Compulsory-Unionism Advocates Don’t Favor ‘Freedom of Contract’

In West Virginia and other states where grass-roots efforts to prohibit forced union dues and fees are gaining momentum, Big Labor propagandists who aren’t normally known for their libertarian sympathies have adopted a Milton Friedmanesque rallying cry:  “Right to Work is an offense against the free market!”

But as Laurie Lin, a columnist for the Charleston (W.Va.) explained well last week, it is actually the pro-forced unionism National Labor Relations Act (NLRA), both in its original 1935 form and as amended by the 1947 Taft-Hartley Act, that egregiously restricts “the freedom of individual employers and employees to bargain with each other.”  And the five-member National Labor Relations Board (NLRB), which was established by the NLRA and administers this statute, and has nothing to do with state Right to Work laws, further encroaches on the freedom of contract:

[The NLRB] regulates, in minute detail, the posting of signs in the workplace. It has even attempted to tell companies where they can locate their factories.

Indeed, it’s safe to say that one of the few things the NLRB does not appear greatly concerned about is employers’ freedom of contract.

The NLRB ties employers’ hands even before their workplaces are unionized. It regulates what employers can and can’t say to workers about unions. It forbids them from granting benefits to employees to encourage them not to form or join a union.

It can be a violation of the law for managers simply to discuss the union with employees in a supervisor’s office, regardless of what is said.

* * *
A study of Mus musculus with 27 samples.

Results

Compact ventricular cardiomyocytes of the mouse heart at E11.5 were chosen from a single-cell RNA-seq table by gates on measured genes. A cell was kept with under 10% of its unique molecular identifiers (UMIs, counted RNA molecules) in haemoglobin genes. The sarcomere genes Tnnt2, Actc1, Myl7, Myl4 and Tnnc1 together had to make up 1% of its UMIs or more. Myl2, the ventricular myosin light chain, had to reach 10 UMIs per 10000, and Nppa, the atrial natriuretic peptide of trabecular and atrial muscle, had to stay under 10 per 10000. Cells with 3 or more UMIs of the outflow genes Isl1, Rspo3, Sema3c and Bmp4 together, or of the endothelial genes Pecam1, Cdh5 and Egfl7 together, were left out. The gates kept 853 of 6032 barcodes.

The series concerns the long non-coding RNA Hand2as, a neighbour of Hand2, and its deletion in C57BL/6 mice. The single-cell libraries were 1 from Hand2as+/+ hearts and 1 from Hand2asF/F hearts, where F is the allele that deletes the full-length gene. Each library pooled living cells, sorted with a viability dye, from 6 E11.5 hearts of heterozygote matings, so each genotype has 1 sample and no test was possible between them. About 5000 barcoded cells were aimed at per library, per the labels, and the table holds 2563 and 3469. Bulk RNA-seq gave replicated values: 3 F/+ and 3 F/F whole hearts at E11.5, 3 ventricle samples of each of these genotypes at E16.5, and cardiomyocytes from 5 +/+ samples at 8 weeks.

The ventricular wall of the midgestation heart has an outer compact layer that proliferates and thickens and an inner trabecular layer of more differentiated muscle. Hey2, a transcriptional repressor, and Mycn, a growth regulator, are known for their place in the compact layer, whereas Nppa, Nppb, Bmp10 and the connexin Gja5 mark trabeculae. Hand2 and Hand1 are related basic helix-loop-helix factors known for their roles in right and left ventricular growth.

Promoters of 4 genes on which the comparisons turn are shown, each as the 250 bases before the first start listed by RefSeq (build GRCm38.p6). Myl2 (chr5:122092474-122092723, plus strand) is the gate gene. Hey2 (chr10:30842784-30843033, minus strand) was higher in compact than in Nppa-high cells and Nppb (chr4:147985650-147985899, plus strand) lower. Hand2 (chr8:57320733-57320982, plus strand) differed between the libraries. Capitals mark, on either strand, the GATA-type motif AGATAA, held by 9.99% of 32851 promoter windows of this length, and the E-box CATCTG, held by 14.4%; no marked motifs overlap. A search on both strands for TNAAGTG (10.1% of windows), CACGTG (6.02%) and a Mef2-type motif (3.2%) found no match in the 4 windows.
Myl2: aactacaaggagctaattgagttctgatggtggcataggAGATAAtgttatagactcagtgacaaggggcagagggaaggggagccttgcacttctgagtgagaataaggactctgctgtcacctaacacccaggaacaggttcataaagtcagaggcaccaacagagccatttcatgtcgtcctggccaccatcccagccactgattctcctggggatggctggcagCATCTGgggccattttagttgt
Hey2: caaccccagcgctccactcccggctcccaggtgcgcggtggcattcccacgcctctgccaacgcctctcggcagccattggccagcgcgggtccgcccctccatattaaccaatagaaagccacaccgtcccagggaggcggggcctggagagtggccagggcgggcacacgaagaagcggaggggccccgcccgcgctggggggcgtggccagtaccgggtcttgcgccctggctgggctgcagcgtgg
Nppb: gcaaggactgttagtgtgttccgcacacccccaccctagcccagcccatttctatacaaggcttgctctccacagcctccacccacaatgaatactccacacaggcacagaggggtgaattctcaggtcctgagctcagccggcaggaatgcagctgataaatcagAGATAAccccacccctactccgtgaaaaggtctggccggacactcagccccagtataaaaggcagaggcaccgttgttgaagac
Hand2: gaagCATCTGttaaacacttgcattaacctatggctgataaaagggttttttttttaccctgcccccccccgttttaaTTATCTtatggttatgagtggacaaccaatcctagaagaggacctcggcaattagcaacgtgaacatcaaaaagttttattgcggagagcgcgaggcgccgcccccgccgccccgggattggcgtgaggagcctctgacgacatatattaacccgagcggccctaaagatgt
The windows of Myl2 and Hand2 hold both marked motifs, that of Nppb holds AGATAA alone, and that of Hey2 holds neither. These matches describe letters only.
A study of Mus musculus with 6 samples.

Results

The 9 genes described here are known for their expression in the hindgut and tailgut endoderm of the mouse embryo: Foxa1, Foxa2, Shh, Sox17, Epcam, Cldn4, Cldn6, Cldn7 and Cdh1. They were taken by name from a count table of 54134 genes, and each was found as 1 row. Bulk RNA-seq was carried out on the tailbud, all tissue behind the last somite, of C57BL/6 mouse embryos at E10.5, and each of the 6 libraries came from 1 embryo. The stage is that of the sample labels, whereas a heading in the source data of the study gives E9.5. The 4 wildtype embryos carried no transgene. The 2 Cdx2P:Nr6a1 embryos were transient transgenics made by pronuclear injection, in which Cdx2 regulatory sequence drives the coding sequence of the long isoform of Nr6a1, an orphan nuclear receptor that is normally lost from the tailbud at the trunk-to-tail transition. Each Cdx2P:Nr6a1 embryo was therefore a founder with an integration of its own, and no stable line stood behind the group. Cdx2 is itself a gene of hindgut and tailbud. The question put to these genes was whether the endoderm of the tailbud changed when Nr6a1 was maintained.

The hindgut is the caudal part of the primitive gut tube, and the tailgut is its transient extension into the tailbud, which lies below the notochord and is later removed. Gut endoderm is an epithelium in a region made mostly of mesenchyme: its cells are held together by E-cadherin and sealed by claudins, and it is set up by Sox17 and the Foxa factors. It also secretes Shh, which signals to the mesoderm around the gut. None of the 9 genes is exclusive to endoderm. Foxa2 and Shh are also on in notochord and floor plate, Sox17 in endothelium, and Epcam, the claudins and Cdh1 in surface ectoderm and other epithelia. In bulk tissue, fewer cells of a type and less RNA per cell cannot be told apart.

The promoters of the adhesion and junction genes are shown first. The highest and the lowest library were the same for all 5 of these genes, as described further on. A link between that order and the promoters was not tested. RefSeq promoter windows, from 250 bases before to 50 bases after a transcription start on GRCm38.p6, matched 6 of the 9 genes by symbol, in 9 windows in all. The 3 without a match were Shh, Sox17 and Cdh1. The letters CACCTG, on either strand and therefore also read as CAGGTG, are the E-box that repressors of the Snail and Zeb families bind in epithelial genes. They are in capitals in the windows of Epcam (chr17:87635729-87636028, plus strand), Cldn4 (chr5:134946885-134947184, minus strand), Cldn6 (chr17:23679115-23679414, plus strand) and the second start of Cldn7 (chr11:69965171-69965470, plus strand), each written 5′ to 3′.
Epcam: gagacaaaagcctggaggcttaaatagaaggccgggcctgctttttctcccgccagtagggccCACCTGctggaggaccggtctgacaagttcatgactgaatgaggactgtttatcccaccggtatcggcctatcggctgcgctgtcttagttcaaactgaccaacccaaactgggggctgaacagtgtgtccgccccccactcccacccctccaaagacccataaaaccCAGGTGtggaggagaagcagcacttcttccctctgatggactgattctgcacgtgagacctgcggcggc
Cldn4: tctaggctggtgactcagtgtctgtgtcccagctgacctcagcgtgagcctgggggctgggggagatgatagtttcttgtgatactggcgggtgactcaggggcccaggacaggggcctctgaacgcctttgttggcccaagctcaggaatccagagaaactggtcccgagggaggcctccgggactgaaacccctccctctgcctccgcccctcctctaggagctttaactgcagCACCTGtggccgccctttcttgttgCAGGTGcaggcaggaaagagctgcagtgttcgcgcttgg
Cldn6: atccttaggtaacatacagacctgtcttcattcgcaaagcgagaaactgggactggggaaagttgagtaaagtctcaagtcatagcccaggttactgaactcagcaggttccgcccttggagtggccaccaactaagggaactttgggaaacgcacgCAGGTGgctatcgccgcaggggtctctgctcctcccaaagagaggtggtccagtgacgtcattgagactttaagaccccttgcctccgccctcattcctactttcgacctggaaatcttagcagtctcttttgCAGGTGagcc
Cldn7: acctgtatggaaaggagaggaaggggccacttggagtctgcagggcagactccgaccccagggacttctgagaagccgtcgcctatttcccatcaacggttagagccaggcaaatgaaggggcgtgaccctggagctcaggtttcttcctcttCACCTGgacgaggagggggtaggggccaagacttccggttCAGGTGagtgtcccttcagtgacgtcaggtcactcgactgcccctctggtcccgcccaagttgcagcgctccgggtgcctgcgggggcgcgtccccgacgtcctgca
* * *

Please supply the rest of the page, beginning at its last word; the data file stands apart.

Once a union is certified, employers are required under penalty of law to negotiate with union officials — and only union officials. It’s illegal for employers to refuse to negotiate with the union, or to negotiate separately with workers who might oppose the union.

Three cheers for freedom of contract, right?

And it’s not just employers’ contract rights that are affected. Labor law also restricts worker freedom by limiting what employees can do, apart from the union, to try to get a better deal from their bosses.

Wildcat strikes — strikes not specifically authorized by unions — are illegal. So are so-called “sympathy strikes,†where workers in one trade strike in support of workers in another.

And if you work in a state, like West Virginia, without a right-to-work law, a union can take a chunk of your paycheck whether or not you consent.

If you support all these limitations on workplace freedom — and the left emphatically does — it’s absurd to shout “freedom of contract!†only when it comes to right-to-work laws.

The truth is that in the context of a labor law system that stacks the deck in favor of unions, right-to-work laws are a valuable corrective.

As Lin went on to explain, if the entire NLRA were to be repealed, as the late renowned libertarian economist Milton Friedman advocated, there would be no need for state Right to Work laws.  Friedman believed that employers should be free to forge contracts prohibiting any employee from joining or paying dues to a union and also free to forge contracts requiring union membership and dues payment.

This is an intellectually respectable and principled stance, albeit one to which very few Americans adhere today.  But, as Lin concluded, it is in no way principled to support all the NLRA limitations on the freedom of contract, and at the same time attack Right to Work laws on supposedly libertarian grounds.  In fact, the phony “libertarian” attacks on Right to Work now being made by Big Labor bosses and politicians and their allies in West Virginia, Wisconsin, and a number of other states are an exercise in intellectual cynicism.

See the link below to read Lin’s entire column.

In order to thwart the passage of Right to Work legislation, union bosses and their allies sometimes cynically cast themselves as champions of freedom of contract and heirs of the late libertarian economist Milton Friedman. Photo: George Rose/Getty Image

Laurie Lin: Milton Friedman, progressive hero?